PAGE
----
JEROMESVILLE - Addison Nalle-Icenhour had a good run, but she knew she'd made a small mistake. It wasn't until she dismounted her horse and checked the Horse Show Tracker cell phone app that she realized she was a contender.
With a score of 222 in the Youth Trail age 11 and under category at the All American Quarter Horse Congress Oct. 22, she had taken the lead in her class. She burst into tears.
There were just four riders to go, and Nalle-Icenhour waited and watched anxiously. In her pocket was a slip of paper she'd saved from a fortune cookie.
"There will be great awards and prizes coming to you in the next month," the fortune read.
The cookie's prediction became reality.
Along with Lonesome at the Bar, the red roan horse she leases from her cousin, Addison ended up taking first place in her class. It was a dream come true for the 11-year-old Hillsdale Middle School sixth grader,.
It was also a surprise, because Addison was competing while recovering from a deep bone bruise that landed her in the hospital just a few weeks before the competition.
All American Quarter Horse Congress in the world's largest single-breed horse show.
In the trail competition, riders have to lead their horses through a highly scripted agility course, explained Addison's mother, Shelly.
"You have to basically parallel park your horse," she said. "(Quarter Horse Congress) is the Super Bowl, and this is the hardest class there is."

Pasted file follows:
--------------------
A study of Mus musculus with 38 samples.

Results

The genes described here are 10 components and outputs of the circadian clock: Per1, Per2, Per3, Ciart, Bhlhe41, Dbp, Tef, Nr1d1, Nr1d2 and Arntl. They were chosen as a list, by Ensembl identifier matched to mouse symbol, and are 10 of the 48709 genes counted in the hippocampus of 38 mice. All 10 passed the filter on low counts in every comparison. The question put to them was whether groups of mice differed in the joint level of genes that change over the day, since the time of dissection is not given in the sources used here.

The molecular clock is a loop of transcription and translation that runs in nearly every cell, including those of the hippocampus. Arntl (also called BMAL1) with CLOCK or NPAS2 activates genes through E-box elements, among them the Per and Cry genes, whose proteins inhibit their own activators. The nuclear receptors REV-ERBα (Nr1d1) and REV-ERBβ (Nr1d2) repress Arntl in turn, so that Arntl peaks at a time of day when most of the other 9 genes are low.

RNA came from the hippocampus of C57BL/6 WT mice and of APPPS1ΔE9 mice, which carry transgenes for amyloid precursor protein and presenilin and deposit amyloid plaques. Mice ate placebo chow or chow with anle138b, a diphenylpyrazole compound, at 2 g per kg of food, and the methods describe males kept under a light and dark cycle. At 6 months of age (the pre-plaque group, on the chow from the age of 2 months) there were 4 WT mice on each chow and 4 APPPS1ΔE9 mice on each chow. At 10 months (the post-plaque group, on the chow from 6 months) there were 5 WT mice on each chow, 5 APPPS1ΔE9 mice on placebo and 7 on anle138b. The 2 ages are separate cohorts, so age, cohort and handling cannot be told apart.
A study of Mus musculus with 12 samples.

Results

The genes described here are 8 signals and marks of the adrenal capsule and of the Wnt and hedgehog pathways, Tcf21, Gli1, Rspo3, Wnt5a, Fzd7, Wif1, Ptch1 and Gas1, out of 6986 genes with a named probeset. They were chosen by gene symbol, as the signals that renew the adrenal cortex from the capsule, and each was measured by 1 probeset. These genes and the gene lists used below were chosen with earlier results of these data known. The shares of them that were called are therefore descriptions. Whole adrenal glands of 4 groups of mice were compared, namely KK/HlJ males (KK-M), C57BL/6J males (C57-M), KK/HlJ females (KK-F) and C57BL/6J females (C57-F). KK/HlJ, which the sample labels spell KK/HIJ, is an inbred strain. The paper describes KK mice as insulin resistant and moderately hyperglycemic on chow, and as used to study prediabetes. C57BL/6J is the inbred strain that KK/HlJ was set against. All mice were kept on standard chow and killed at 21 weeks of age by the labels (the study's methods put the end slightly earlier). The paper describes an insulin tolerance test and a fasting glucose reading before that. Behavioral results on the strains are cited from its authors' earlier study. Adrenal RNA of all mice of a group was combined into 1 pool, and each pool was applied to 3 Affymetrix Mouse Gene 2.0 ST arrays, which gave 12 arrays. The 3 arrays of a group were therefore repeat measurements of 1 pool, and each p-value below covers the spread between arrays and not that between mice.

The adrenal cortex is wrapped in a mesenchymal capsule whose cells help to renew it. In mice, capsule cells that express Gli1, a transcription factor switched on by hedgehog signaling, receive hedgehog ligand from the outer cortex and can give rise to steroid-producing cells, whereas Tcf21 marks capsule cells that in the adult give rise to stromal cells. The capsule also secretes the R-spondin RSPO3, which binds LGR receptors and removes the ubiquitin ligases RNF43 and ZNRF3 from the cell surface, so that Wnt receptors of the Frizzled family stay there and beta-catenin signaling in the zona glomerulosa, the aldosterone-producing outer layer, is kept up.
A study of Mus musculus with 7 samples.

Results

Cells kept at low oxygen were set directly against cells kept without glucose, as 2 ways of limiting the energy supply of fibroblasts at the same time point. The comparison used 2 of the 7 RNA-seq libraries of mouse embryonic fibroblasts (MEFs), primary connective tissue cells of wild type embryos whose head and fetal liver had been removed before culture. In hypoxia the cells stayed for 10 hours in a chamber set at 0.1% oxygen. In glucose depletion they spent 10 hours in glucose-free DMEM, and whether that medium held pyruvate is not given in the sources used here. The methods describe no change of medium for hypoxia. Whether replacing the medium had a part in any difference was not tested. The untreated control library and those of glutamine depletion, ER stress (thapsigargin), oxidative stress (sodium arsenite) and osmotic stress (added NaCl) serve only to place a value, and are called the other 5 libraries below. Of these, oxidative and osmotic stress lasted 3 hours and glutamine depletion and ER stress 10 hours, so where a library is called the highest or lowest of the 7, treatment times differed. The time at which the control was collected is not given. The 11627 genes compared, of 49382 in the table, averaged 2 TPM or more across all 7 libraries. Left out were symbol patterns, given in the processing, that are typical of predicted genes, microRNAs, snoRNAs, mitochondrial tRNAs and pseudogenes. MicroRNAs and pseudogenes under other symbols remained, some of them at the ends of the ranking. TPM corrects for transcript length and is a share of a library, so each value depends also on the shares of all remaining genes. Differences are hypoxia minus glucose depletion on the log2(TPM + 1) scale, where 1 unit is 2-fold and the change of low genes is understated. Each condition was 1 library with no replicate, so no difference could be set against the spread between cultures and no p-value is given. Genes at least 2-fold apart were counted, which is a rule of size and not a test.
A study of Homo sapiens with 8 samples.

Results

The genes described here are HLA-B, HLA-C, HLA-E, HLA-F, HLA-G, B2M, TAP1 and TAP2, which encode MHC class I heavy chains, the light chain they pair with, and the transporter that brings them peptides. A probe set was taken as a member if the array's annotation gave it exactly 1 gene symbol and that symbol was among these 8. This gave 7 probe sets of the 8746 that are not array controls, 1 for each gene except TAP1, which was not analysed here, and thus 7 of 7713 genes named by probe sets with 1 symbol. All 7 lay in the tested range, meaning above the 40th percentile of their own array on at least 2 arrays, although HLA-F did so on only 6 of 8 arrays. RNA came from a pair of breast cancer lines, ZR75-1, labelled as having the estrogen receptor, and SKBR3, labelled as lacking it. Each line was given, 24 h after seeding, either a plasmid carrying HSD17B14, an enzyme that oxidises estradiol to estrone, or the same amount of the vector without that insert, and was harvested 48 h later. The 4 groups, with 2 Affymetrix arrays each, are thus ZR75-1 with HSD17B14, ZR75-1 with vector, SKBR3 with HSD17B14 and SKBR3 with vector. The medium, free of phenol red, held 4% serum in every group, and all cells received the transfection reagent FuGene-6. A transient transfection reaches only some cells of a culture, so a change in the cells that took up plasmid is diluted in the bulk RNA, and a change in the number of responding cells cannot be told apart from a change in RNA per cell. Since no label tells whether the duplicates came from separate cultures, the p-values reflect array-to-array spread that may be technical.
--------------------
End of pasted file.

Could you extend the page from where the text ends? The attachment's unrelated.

Addison has been riding horses since age 4 and showing since age 6.
"It's very therapeutic," she said.
Addison loves spending time with her horse and with friends who also show horses. She loves working hard to achieve a goal and developing the skill and strategy to compete against some of the best young riders in the country.
"I always say, either you win or you learn," Addison said, and she enjoys both.
But winning has its own special feeling, and Addison has been winning a lot lately.
She was a world champion at Pinto World Championship at the age of eight. The following year, she competed at Paint Worlds and then placed in the top 10 and top 15 in various classes at Quarter Horse Congress. This year, she was a finalist at the American Quarter Horse Association Youth World competition.
Addison has one year left to compete in the 11 and under category as she will still be 11 on January 1.
Addison credits her success to help from her trainers, Marion and Kirsty Troyer of Apple Creek, and to the support of her family, especially her mom.
Shelly attributes her daughter's achievement to a combination of hard work and innate ability.
"She's a gifted athlete, she's got a good work ethic and she's just naturally talented," Shelly said. "Her ability to connect with the horse and become a team is fantastic. She's just a natural."
Shelly is particularly proud of what her daughter has been able to accomplish without the benefit of the expensive horses many of Addison's competitors show.
"You don't have to have an $80,000 horse to make a champion," Shelly said. "It's attainable for the average person with hard work and dedication."